Wind, Solar Could Exceed Africa’s Energy Demand by 2030
New wind and solar projects in 21 African countries could exceed the continent’s entire demand for electricity by 2030, according to a new mapping study published in the Proceedings of the National Academy of Sciences (PNAS).
“Well-chosen sites together with interconnectors that allow resources to be shared between countries suggest Africa’s rapidly growing electricity demand could be met with renewable sources at a similar cost to conventional fossil fuel generation,” Carbon Brief reports.
Africa also has the lowest per capita energy consumption in the world, but the PNAS study looked at one part of the continent, encompassing about 600 million people, where demand is on track to triple between 2010 and 2030. The resulting total, about 1,000 terawatt-hours, would be three times the energy consumption of the United Kingdom, on a par with Russia or India.
But “based on the quantity and quality of the resource (ie. wind speed, sunshine hours), together with other human and physical markers of suitability (eg. slope, elevation, temperature, population density, proximity to transport links), the maximum possible potential for wind and solar power across all 21 countries outstrips projected demand in 2030 by at least a factor of two,” Carbon Brief reports.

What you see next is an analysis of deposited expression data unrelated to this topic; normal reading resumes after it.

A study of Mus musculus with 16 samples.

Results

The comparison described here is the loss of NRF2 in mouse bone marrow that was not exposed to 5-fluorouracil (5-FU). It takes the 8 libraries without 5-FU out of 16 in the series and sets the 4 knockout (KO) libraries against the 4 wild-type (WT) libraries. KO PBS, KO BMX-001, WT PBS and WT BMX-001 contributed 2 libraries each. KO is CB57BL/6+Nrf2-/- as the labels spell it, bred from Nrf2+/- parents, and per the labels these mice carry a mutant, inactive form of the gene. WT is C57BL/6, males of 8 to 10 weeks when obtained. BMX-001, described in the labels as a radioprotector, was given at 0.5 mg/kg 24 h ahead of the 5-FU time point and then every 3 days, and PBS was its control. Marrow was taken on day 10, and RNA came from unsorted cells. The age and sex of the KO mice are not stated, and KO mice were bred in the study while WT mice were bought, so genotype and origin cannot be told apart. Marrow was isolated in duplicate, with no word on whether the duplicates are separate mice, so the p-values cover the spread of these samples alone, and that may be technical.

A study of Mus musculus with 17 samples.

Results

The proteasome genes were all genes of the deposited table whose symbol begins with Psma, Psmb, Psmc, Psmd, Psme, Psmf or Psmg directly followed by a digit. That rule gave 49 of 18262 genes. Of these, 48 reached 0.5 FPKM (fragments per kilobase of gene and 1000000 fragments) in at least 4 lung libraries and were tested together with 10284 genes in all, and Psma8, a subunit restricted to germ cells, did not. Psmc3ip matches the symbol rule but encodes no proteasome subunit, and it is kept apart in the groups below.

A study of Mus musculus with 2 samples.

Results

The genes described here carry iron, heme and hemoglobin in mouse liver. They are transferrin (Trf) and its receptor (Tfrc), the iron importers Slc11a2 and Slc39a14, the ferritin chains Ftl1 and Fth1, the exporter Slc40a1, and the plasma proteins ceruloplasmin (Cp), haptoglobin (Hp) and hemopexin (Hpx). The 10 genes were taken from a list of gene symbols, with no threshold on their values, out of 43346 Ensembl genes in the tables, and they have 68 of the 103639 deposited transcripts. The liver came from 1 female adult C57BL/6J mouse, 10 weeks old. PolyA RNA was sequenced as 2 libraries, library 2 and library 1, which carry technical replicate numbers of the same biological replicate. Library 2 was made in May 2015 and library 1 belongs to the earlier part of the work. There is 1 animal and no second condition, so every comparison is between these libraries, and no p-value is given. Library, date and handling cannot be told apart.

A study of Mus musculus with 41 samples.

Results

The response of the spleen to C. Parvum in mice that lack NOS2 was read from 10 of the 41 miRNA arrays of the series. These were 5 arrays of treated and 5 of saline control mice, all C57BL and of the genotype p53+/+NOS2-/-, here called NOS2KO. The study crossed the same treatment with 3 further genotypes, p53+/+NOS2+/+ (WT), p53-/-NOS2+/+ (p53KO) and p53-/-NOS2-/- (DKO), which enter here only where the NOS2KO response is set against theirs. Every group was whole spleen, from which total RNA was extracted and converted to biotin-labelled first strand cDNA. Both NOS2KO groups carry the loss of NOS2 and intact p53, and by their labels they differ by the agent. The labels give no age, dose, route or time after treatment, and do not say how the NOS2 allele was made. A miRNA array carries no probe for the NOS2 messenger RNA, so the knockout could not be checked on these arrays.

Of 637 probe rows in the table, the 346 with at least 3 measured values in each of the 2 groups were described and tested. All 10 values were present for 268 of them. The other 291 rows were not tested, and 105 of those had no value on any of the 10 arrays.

The report notes that available wind and solar resources are “unevenly distributed between and within countries,” and that the grid interconnections that would be needed to deliver the power “are typically designed for conventional and hydroelectric generation.” But the study result “pushes back against the argument that coal is the solution to poverty and lack of access to electricity in Africa,” reinforcing the evidence that distributed energy costs less and carries fewer social and economic pitfalls.
“Unless it’s a totally unique case—and I don’t really know of any right now—the clean is beating the coal, except for some backwards-looking analysts who are looking at what was the economics of renewables a decade ago,” said UC Berkeley energy professor Daniel Kammen. “The paper also makes the point that investments should not be considered in isolation, and that solar and wind resources need to be planned alongside the development of hydropower and other resources,” added World Bank senior energy specialist Oliver Knight.